Cochran, Kreuzer, Gorza retire
US slalom specialist Jimmy Cochran said goodbye to a successful career with the U.S. Ski Team after the U.S. Alpine Championships slalom at sunny Winter Park last week. A member of the famous "Skiing Cochran's" family, Cochran was on both the 2006 and 2010 U.S. Olympic Teams, raced in three World Championships and captured four U.S. titles. His grandfather Mickey was U.S. head coach in 1974, his dad Bobby and three aunts were Olympic ski racers and cousins Ryan Cochran-Siegle and Robby Kelley are current members of the U.S. Ski Team.
“I'm excited to head home, maybe go back to school and spend a lot of time at the ski area. It's been a lot of fun working there over the years and seeing so many young skiers grow up racing at Cochran's. It's also been really cool working on Slopeside Syrup with my family. The sugar bush is definitely a lot of work, but it's rewarding work and I appreciate that,” said Cochran.
Also announcing retirement is Ralf Kreuzer, the Swiss speed racer who sustained an ACL tear last summer in Argentina. The soon 29-year-old decided to call it quits after rehab lasting through all season:” The fourth severe knee injury in five years was one too many and I do not want to take the risk again.”
Kreuzer considered retirement immediately following the injury but chose to complete his rehab and take the decision in the spring. The past months provided him with time to evaluate his options and he came to the conclusion that time is right. ”It was not an easy decision because my life has always been so intertwined with skiing. But I have now reached the point that the effort and benefit no longer match.”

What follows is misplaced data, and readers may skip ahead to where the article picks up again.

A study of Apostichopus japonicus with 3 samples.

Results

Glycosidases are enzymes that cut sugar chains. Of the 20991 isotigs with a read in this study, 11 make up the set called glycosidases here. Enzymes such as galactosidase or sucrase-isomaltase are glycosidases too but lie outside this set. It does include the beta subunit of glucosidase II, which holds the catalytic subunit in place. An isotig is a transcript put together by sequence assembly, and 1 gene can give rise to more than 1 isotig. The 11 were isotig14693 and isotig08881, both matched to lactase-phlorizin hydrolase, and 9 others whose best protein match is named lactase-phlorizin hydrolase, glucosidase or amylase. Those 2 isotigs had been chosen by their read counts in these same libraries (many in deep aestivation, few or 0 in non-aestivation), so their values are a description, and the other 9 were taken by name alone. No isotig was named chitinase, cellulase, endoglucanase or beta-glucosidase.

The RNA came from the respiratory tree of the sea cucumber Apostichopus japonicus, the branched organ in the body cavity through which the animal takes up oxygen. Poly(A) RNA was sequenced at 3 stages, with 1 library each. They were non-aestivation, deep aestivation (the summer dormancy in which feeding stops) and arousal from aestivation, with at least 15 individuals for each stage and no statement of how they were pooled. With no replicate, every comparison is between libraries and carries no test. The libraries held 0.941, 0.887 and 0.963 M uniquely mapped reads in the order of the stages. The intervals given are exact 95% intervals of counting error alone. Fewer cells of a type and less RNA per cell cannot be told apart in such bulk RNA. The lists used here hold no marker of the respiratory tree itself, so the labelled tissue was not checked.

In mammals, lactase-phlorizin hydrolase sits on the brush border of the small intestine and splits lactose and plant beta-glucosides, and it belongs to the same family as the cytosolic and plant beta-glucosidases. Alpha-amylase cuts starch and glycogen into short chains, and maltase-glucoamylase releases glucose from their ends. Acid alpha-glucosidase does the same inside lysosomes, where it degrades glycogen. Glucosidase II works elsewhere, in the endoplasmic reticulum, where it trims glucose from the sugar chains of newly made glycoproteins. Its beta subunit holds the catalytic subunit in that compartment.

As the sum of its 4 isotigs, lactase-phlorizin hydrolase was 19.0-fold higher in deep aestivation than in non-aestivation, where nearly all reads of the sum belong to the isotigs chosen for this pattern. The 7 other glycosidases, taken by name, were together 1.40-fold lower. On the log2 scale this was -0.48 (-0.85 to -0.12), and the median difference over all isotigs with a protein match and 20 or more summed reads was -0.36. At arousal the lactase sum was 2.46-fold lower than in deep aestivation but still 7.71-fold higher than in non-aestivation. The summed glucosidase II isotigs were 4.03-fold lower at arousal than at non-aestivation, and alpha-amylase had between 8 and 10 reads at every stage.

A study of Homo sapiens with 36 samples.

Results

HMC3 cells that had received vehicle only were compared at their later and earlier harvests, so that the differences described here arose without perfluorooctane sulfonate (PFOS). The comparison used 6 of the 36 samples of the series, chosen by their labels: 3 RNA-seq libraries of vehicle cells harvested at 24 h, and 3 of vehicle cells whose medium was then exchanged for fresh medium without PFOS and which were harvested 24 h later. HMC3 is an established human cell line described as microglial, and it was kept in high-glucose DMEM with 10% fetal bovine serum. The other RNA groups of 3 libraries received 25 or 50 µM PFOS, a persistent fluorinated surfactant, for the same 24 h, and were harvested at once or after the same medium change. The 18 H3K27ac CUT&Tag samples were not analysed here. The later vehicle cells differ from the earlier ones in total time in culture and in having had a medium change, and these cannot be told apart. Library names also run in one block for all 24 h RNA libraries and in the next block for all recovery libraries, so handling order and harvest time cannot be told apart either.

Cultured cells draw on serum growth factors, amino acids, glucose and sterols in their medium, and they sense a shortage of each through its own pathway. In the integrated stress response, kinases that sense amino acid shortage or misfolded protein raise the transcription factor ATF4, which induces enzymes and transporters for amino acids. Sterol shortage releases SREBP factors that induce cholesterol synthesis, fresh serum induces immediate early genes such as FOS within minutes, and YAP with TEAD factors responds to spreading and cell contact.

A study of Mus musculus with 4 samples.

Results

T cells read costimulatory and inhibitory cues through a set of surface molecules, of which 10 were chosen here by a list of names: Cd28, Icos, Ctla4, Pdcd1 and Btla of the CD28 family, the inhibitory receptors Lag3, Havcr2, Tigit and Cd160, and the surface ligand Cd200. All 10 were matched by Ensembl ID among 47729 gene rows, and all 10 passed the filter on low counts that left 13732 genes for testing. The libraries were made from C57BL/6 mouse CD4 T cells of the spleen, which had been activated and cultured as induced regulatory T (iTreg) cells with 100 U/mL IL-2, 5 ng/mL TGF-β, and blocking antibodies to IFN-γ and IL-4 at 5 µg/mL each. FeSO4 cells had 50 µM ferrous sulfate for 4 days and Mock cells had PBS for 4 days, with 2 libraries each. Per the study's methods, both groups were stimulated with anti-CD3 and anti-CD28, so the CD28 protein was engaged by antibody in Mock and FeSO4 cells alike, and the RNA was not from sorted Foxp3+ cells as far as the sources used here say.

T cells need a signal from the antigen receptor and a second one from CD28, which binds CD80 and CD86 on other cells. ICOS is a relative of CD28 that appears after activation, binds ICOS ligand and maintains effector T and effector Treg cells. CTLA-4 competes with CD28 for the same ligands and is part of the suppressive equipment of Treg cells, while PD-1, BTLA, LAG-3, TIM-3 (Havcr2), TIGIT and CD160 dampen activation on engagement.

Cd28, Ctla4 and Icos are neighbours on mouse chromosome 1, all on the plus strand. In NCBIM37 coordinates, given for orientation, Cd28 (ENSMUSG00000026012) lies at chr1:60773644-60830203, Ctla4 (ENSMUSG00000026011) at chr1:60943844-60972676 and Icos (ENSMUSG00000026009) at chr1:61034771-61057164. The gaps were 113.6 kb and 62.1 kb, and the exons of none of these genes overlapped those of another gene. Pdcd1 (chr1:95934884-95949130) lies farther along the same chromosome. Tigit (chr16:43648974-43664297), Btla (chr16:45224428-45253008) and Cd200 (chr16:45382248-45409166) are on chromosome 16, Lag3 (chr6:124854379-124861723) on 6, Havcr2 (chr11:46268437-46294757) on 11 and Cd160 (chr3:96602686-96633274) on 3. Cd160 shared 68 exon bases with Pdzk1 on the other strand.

Kreuzer was often injured just as he seemed to be on the brink of a real break-through. His best results include two European Cup podiums and three results with World Cup points including 18th place finish in Bormio in December 2009.
Also hanging up his skis is Slovenian Ales Gorza (32) who was no longer part of the Slovenian National team this season but continued to ski some FIS races. His official final race on the top level hence became the Kranjska Gora World Cup in March 2011. Gorza raced his first World Cup in December 2001, in Kranjska Gora. He scored two World Cup podiums in 2008 with third places in Whistler and Bormio, both in super-G. He participated in five editions of World Championships from St.Moritz 2003 to GAP 2011, including a fourth place finish in giant slalom in St Moritz 2003, and two Olympic Games, Torino 2006 and 2010.